Battlefield V hasn’t been released yet, but the trailer for the hotly anticipated World War II first-person shooter game stirred up anger recently among a minority of fans, who vented online using the hashtag #NotMyBattlefield.
What caused the backlash? The game’s reveal trailer featured a woman fighting on the frontline, which some fans complained sacrificed authenticity for political correctness (though women did have combat roles in World War II).
Despite the furore, the game’s publisher Electronic Arts (EA) and developer DICE stood by their decision to include female characters.
“Today gaming is gender-diverse, like it hasn’t been before,” EA’s chief creative officer, Patrick Soderlund said, adding that fans who are unhappy about this have “two choices: either accept it, or don’t buy the game”.
Responding to disgruntled Battlefield fans, Oskar Gabrielson, DICE’s vice president and general manager, tweeted: “First, let me be clear about one thing. Player choice and female playable characters are here to stay.”
No longer a man’s world
This is just the latest challenge to the perception that video games, particularly those in the first-person shooter (FPS) genre like Call of Duty, Halo and Battlefield, are only for boys and men.
In fact, far from being a rarity in a male-dominated realm, female players make up nearly half of the gaming audience.
According to the Entertainment Software Association’s (ESA) 2018 survey, 45% of US gamers are women. And contrary to what many might think, ESA’s research shows that adult women represent a much larger share (31%) of the US game-playing audience than teenage boys (17%).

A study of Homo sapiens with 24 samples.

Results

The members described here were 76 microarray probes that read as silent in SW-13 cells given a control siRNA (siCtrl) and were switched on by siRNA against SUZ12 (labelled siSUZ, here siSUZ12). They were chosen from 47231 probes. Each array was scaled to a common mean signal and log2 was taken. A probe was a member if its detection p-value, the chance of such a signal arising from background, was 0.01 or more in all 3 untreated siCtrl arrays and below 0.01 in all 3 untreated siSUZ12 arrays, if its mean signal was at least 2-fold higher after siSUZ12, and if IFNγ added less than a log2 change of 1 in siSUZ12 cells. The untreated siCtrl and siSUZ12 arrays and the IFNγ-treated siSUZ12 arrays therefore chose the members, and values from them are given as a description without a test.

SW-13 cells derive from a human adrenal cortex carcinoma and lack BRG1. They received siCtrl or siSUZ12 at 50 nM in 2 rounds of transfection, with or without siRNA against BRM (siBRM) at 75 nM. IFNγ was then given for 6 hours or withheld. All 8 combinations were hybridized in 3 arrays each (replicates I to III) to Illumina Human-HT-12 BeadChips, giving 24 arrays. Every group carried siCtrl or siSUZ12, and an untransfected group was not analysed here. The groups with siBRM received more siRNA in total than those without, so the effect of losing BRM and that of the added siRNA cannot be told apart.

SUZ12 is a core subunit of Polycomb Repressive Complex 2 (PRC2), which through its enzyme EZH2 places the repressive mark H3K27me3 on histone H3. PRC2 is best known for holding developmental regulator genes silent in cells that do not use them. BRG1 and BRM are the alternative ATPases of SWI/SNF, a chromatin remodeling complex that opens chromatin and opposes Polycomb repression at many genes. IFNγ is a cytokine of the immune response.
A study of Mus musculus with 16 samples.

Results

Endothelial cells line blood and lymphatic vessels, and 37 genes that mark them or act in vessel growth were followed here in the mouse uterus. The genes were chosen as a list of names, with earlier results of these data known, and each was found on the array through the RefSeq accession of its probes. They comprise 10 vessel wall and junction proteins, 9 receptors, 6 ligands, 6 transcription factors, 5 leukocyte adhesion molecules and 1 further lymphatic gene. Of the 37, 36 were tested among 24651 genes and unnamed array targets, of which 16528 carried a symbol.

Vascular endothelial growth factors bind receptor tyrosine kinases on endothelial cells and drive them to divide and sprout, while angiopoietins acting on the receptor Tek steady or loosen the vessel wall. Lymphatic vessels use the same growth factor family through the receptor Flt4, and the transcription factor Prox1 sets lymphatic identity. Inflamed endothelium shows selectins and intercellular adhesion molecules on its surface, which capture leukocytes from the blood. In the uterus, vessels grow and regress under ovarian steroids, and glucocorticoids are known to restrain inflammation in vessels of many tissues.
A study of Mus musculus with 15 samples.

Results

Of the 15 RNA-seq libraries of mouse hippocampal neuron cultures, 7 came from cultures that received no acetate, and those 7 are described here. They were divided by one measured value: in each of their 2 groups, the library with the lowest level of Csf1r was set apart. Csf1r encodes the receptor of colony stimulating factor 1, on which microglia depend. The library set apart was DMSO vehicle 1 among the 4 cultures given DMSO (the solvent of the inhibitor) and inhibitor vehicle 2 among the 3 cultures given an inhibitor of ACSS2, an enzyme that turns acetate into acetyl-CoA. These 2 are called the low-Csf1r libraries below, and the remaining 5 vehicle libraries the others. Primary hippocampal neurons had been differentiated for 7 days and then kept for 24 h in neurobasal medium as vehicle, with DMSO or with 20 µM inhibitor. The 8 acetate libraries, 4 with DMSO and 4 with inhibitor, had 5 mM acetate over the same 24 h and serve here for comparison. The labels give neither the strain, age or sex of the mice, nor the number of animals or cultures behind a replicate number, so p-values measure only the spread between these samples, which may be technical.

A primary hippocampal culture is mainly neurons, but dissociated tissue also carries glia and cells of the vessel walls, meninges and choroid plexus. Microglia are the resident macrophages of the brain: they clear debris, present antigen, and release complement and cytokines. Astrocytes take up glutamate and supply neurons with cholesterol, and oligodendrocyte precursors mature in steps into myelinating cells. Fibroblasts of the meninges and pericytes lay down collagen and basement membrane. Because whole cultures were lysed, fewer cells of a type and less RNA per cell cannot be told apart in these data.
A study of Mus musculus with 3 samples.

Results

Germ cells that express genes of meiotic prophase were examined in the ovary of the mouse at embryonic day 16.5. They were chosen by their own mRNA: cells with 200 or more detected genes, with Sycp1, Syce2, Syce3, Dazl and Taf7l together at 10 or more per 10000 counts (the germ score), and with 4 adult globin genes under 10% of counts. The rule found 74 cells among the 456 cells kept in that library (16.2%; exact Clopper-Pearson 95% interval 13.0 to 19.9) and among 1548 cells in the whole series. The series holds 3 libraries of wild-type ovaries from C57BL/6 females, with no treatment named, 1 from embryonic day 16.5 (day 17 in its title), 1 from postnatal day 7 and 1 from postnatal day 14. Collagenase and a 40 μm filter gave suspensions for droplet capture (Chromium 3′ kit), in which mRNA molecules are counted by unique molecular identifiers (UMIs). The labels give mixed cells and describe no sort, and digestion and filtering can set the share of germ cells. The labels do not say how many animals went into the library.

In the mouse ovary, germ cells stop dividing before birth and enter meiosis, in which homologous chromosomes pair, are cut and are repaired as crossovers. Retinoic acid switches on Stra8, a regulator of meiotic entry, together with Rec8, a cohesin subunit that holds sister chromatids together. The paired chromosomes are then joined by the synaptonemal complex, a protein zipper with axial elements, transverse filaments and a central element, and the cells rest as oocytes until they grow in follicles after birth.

Last year, research from Barclays predicted that women will account for almost a third of the projected £3.5 billion ($4.6 billion) annual spend in the UK on video games.
However, despite their numbers, women gamers remain underrepresented, not just in terms of the female characters they can play but behind the scenes in game development – a trend that is also pervasive in the broader tech industry.
A handful of companies and organizations have created forums and networks to tackle the problem, including Facebook and Global Gaming Women.
In February, Facebook launched its Women in Gaming Initiative, which aims to boost diversity and encourage more women into leadership positions in the field.
In a video to promote the initiative, Facebook’s chief operating officer Sheryl Sandberg says: “Gaming doesn’t fully reflect the audiences it serves in the stories it tells. Women make up only 23% of the gaming workforce and women of colour are even less represented.”
Online harassment lingers
Women are increasingly becoming part of online gaming communities where gamers watch each other play in real time, sometimes attracting large audiences.
Sexual harassment is commonplace in these online communities, and while women can shrug off much of the name-calling and abuse hurled at them, they find sexual harassment harder to ignore, according to research from the Ohio State University.
A survey of 293 women who played video games online found that even after the game was over, the women said they continued to think about the sexist comments, rape jokes and threats.
“Most women players understand trash talking and having their playing skill insulted, even if they don’t like it,” said Jesse Fox, lead author of the study and professor of communication at the Ohio State University.
“But what disturbs them is being targeted simply for being a woman. They don’t easily forget those comments and continue to think about them when they’re done playing.”
Now, a team of “elite female gamers”, who called themselves the Bully Hunters, are offering to help victims of sexual harassment in the multiplayer video game CS:GO by beating offenders “through the sheer force of their unmatched skill”.
But although women have become increasingly visible – and successful – in video gaming, levelling the playing field in such a masculine domain is likely to require more than just impressive playing skills.